Searching For Solutions To The Ongoing Threat Of Medicare Reimbursement Cuts
By Brian McCurdy, Senior Editor
Although Congress acted last month to prevent a 27 percent reimbursement cut for Medicare, questions remain as to ensuring long-term reimbursement stability for podiatric physicians. The House passed HR 3630, which would increase Medicare physician payments by 1 percent each in 2012 and 2013.
Anthony Poggio, DPM, cites an inherent problem with the Sustainable Growth Rate (SGR) formula that drives Medicare reimbursements. He feels the formula’s accounting principles do not translate well to the real world.
“No business entity could sustain at 20 percent-plus cut in reimbursement and expect to survive,” maintains Dr. Poggio, a member of the American College of Podiatric Medical Reviewers.
As Lee C. Rogers, DPM, notes, the Medicare Payment Advisory Commission (MedPAC) voted in October to repeal the SGR and replace it with a 5.9 percent reimbursement cut for specialists each year for three years. Dr. Rogers says this would be followed by a seven-year freeze on reimbursement for specialists. Accompanying the reimbursement changes for specialists would be a 10-year reimbursement freeze for primary care providers, according to Dr. Rogers.
“This is not a viable option as many specialists have threatened to leave the program,” says Dr. Rogers, the Co-Director of the Amputation Prevention Center at Valley Presbyterian Hospital in Los Angeles. “The option which is most fair — and one I would support — replaces the SGR with a yearly adjustment based on inflation and ensures it is properly funded.”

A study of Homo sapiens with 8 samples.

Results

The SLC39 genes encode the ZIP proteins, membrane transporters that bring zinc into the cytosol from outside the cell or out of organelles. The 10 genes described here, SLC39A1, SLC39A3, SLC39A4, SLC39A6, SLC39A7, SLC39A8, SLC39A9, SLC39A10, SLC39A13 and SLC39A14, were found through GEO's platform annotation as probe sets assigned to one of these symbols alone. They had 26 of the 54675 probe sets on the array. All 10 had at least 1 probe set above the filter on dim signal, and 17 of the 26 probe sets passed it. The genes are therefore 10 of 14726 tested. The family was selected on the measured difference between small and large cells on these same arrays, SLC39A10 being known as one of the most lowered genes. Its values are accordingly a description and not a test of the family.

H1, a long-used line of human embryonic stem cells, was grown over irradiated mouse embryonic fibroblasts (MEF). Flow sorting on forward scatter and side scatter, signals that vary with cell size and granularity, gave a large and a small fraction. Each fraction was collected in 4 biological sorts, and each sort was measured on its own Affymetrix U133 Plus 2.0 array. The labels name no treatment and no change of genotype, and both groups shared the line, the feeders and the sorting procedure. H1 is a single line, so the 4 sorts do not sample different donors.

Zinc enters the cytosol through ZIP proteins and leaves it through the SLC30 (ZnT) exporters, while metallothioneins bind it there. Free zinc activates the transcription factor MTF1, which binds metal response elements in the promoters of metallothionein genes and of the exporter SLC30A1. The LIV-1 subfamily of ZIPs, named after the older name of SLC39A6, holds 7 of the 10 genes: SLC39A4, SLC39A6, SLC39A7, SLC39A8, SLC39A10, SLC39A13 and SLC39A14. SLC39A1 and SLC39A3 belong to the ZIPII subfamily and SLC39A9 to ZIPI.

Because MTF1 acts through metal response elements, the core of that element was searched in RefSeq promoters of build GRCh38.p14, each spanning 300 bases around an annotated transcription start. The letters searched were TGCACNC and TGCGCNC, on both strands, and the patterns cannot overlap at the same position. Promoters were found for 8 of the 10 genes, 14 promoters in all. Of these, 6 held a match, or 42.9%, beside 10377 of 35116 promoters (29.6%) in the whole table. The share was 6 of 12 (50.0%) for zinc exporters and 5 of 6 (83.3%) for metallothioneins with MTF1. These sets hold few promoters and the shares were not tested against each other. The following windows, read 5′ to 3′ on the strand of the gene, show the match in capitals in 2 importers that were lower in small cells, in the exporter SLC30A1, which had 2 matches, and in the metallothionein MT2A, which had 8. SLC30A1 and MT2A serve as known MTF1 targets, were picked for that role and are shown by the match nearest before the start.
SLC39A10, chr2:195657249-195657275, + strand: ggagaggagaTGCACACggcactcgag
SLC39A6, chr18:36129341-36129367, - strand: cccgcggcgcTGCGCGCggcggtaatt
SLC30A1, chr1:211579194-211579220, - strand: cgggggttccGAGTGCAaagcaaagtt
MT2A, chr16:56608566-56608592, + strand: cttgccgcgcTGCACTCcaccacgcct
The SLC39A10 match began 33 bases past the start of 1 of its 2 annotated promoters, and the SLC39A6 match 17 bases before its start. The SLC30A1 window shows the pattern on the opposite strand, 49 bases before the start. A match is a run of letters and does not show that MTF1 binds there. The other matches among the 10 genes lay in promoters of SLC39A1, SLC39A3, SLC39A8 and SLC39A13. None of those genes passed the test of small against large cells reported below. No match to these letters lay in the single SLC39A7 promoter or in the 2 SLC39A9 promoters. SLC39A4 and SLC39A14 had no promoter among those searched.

If a 27 percent reimbursement cut actually happened, Dr. Poggio says there would have been “a huge exodus of Medicare providers” as well as “tremendous pressure” from senior citizen advocates to prevent the cuts. He suggests correcting or disbanding the SGR formula altogether, and using common sense to address this issue.
“That requires some political backbone on the part on Congress,” adds Dr. Poggio. “Without some Congressional will to address healthcare as a whole, I think we will continue to kick the can down the road and create temporary fixes every year.”
However, Dr. Rogers notes that the yearly threat of Medicare reimbursement cuts “actually benefits Congress because it fills campaign coffers with donations from doctors around the country trying to stave off drastic cuts in reimbursement. If there was a permanent solution or if it did not become urgent, the money would not flow as easily to Congress.”
Dr. Rogers, who is running for Congress in California this year, notes that the physician fee schedule for 2012 includes “drastic reductions” for podiatrists who use skin substitutes in the clinic or operating room. He does not predict any meaningful congressional action on Medicare in the foreseeable future.
“Partisanship is as high as it has ever been and each side is posturing ahead of a bitter campaign season with congressional approval ratings tied for the lowest in history,” says Dr. Rogers.
Podiatry Today Poll: Most DPMs Use Taping in Practice
By Danielle Chicano
A large majority of podiatrists who responded to a recent Podiatry Today online poll say they use taping as part of their treatment armamentarium (see http://bit.ly/ukxGfY ). Out of 378 respondents, 83 percent (315 people) answered “yes” while the remaining 17 percent (63 people) stated they do not use taping in their practice.
Among those who responded “yes” is Frank Kase, DPM, a Past President of the California Podiatric Medical Association.